Archive for November, 2013

The Challenge

Posted in General on November 23, 2013 by Carl

Here’s the challenge. How do we run a game for a group of players who, for many reasons, can’t attend each week? How do we maintain a game world, a sense of momentum and a narrative thread when we can’t be sure which characters, if any, will be present at each session?

Instead of the ongoing campaign model we’ve used in the past we could change to an episodic model, where adventures in a variety of styles and locations are designed to be completed in a single session, in the convention style. However this sort of one-off game style does normally pose a few problems.

  • There is no underpinning narrative that ties the adventures together, so the immersive game world and sense of progress is lost

  • If each session uses new characters we have to create them each time, further cutting down on game time

  • If we stick with a single set of characters we hit the same problem of party balance we have currently; if the players with the melee characters are away you end up with a party of squishies. If all the casters are off the meat shields have no support.

  • Fitting an adventure with a hook, a start, a middle and an end into 4 hours can be tough, particularly if you have to establish new character personalities during that time, or explain how the previous set of characters now find themselves at the start of a new adventure.

The following is hopefully a response to those challenges. I’m interested to hear what you think.

  • You are field agents working for a powerful organisation, sent out by your bosses on a variety of short (single game session) missions. This fixes the issue of the underpinning narrative, and opens the door to a wide variety of adventure styles. Horror, comedy, espionage, hack and slash etc.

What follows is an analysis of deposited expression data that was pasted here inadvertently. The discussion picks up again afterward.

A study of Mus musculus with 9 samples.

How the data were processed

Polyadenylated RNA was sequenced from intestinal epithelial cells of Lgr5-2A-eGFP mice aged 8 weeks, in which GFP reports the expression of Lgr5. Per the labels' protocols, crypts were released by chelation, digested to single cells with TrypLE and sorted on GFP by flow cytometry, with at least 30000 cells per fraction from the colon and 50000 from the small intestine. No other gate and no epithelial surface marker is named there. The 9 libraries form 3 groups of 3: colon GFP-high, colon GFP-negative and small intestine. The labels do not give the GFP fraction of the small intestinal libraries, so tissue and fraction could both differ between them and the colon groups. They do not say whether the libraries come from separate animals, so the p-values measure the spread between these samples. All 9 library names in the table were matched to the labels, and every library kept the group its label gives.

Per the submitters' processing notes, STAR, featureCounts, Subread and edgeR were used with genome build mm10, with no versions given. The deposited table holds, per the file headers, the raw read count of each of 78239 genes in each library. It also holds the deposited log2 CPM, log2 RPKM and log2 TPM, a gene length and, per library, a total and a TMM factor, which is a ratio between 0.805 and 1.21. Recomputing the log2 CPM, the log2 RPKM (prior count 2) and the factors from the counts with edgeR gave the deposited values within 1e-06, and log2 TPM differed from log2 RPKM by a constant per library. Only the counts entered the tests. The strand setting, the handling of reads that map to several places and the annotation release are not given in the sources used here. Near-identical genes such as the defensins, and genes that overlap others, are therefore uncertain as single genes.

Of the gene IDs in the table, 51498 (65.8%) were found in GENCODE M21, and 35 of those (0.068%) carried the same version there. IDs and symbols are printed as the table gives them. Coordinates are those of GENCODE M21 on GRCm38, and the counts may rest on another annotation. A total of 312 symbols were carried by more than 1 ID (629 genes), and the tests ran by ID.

• The organisation is pan-planar, and teleports field teams into missions across the planes. This means any setting becomes viable for your mission. Eberron, Forgotten Realms, Hyboria, Middle Earth, you name it. Jungle, city, dungeon, heaven or hell, collapsing mini-dimension, Spelljammer starship, it’s up to the DM.

  • At mission end the team are teleported back to HQ, either through use of a recall device, an NPC, a timed recall spell, or whatever fits the story.

  • The missions can be purely standalone, or can form part of a collaborative meta-plot if we wish. Perhaps the missions slowly begin reveal something of the organisation’s plans, or reveal a wider event taking place across the planes.

  • We agree on a game system and each of us builds 3 characters. One meat shield, one caster, one support. If you just want to provide a character concept instead Stefan and I will be happy to build your character (right Stefan?)

  • At the start of each mission each player picks one (or more if the player count is low) of their characters to go on the mission, knowing the mission will only last one game session. This fixes the party balance issue.

  • One of the nice benefits of this system is that we lose reliance on a single DM. If all of us have characters then any player can step in whenever they like to run the adventure of the week. Because it’s a one-shot the DM prep overhead is greatly reduced. One of the aims of this system is to facilitate a sharing of the DM role between us.

  • Another benefit is that we can turn up to any given game night knowing that we don’t need to worry about what happened last week, or what is going to happen to our character if we don’t turn up next week.

Original series Star Trek is a great example of how this model works for a TV show. Each week a subset of the cast beam down to a new location and conduct a mission. It could be wrestling with a Gorn, meeting evil doppelgangers of the crew or escorting space-hippies to Eden. They do their thing, head back to the ship, then rinse and repeat next week.

A couple more questions still need to be answered:

  • What is this powerful organisation that our characters work for? Take a look here for an in-character introduction to the Redcloaks. Take a look here for a more detailed look at the organisation the Redcloaks work for, the Sages’ Guild, a vast and internally complex knowledge-gathering power whose reach extends across countless realities, and whose goals can often be unclear and occasionally contradictory.

  • What game system do we use? I propose a hack of D&D Next, using some mechanics from Gumshoe for investigative skills (those rules are pretty good, and open up some nice detective-style mission possibilities), and some of the fun stuff Stefan found in 13th Age. Open to suggestions though, if that doesn’t suit.

So, what do you think? Are changes needed? Do you have any questions? Will this work?

I look forward to hearing your thoughts.